Dog Bite Injuries and Prevention:
Experiencing a dog bite can be a frightening and potentially injurious ordeal. It is imperative for those injured to seek immediate medical attention, as even minor wounds can lead to infections.

Injuries resulting from dog bites can range from minor cuts and abrasions to more severe orthopedic injuries like broken bones and dislocations. In cases involving large dogs and children, injuries can be particularly devastating, potentially causing permanent scarring, disfigurement, or even amputation.

There are proactive steps individuals can take to reduce the risk of a dog attack, including avoiding unfamiliar dogs and seeking permission before interacting with a dog. Additionally, local laws are in place to help ensure the safety of everyone involved.

Legislation in Alberta Regarding Pet Ownership:
In Calgary, the Responsible Pet Ownership Bylaw imposes specific requirements on dog owners aimed at reducing the risk of injuries. For example, dogs cannot be left unattended while tethered and must be leashed in public unless indicated otherwise by signage. Owners are also obligated to prevent their dogs from engaging in threatening behavior, such as biting or attacking. In the event of an attack, owners must report dog bites within 24 hours, with non-compliance resulting in significant fines.

Alberta also has the Dangerous Dogs Act, which allows a judge to order the destruction of a dog if it has bitten or attempted to bite a person or is deemed dangerous and not under proper control.

Personal Injury Claims Following a Dog Bite Attack:

If a dog inflicts serious injuries upon you or your child, seeking guidance from an experienced personal injury lawyer is crucial. While the Calgary bylaw places various duties and consequences on dog owners, this doesn’t automatically translate into compensation for victims of dog attacks. Not every dog bite that causes injury entitles the victim to seek compensation from the dog’s owner.

There are several potential avenues to secure compensation following a dog bite, and collaborating with a trusted personal injury lawyer ensures you pursue the best option for your specific circumstances. One avenue involves pursuing a claim against the dog owner’s homeowner’s insurance policy.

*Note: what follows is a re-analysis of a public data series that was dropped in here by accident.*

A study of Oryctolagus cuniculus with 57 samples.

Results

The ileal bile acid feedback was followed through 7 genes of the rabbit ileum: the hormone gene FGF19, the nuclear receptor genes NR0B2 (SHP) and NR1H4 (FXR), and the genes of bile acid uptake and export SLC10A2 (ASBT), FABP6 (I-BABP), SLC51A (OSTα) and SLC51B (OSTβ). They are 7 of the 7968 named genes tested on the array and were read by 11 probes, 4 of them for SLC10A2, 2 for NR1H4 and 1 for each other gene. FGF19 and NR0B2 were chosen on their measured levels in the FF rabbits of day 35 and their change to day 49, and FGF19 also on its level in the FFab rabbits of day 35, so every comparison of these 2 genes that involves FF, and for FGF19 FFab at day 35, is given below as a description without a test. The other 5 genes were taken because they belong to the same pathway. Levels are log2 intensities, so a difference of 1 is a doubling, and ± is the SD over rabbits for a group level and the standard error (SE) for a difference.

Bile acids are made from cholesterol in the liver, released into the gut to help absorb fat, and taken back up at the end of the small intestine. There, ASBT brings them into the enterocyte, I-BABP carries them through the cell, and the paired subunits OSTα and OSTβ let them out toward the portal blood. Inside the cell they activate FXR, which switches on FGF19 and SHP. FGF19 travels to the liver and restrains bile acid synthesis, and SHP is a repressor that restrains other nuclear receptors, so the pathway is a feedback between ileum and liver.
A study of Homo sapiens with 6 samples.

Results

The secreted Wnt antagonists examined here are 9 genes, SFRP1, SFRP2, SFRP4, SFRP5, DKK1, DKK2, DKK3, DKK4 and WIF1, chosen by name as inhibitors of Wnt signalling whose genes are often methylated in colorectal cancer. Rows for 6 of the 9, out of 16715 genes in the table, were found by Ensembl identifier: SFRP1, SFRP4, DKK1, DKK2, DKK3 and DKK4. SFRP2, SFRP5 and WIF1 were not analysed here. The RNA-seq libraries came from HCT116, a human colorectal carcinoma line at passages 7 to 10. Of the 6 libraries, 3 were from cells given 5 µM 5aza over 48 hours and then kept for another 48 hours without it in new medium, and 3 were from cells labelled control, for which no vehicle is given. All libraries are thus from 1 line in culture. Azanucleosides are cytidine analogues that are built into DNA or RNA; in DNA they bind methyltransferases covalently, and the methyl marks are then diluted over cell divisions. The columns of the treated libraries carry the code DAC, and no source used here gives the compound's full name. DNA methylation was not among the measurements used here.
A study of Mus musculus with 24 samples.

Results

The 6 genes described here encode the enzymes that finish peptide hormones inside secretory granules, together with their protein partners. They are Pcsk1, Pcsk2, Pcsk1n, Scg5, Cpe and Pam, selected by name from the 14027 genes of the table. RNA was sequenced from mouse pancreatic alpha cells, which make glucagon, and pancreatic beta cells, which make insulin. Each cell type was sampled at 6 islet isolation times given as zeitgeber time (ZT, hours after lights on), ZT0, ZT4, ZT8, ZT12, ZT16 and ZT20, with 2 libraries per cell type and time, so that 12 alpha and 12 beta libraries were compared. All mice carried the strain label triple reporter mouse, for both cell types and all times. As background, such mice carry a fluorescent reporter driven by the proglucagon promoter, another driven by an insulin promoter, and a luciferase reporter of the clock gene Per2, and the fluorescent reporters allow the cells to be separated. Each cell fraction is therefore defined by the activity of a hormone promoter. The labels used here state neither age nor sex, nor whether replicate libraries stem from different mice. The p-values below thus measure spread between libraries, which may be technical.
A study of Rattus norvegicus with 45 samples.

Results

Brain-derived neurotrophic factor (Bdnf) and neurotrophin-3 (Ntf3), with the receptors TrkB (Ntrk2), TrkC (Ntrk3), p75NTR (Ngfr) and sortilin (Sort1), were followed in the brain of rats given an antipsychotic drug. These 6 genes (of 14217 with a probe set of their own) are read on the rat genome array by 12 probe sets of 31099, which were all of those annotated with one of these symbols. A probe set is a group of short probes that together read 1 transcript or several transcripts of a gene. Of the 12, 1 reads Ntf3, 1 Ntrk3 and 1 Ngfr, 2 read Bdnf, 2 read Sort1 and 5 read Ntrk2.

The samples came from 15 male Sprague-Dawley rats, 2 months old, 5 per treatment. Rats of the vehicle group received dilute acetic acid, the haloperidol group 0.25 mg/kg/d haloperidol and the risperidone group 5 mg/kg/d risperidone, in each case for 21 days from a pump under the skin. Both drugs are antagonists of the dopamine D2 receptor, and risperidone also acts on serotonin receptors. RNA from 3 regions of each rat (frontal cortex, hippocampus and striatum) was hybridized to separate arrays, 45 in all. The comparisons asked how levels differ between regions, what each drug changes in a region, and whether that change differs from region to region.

The Doctrine of Scienter:
Alternatively, an injured party may seek compensation from the dog owner following a dog bite under the doctrine of scienter. This doctrine allows a claim to be pursued even if the owner is not at fault for the attack.

Under this doctrine, compensation may be awarded if it can be demonstrated that the dog had previously displayed a propensity to cause harm of the same nature, and the owner was aware of this propensity. As affirmed by the Court of Queen’s Bench of Alberta in the case of McKinlay v. Zachow:

‘The doctrine of scienter relies on a subjective examination of the dog owner’s knowledge and gives rise to strict liability based on that knowledge. Liability exists without proof of negligence for any damage caused by the animal acting in accordance with a propensity known by the owner.’

In essence, if the injured individual can establish that the owner was aware of their dog’s previous harmful behavior, they may be eligible to claim compensation for the injuries caused by the current dog bite.

Negligence on the Part of the Dog Owner:
Another potential route for an injured party to seek compensation for dog bite injuries is by alleging negligence on the part of the dog owner. This avenue requires demonstrating that the owner was at fault for the incident that resulted in the injury.

If the injury occurred on a property, the victim may have a claim against the property’s occupier under Alberta’s Occupiers’ Liability Act. This legislation places a duty on property occupiers to take reasonable steps to ensure the safety of visitors. If a ‘visitor’ is attacked by a dog on the property, the ‘occupier’ may be held liable for the resulting injuries if they failed to take reasonable precautions to ensure the visitor’s safety.

Similarly, an owner may be held responsible for injuries caused by their dog under common law principles of negligence if they:

  • Knew or should have known that their dog posed a risk of injury to others.
  • Failed to take reasonable steps to prevent such injuries.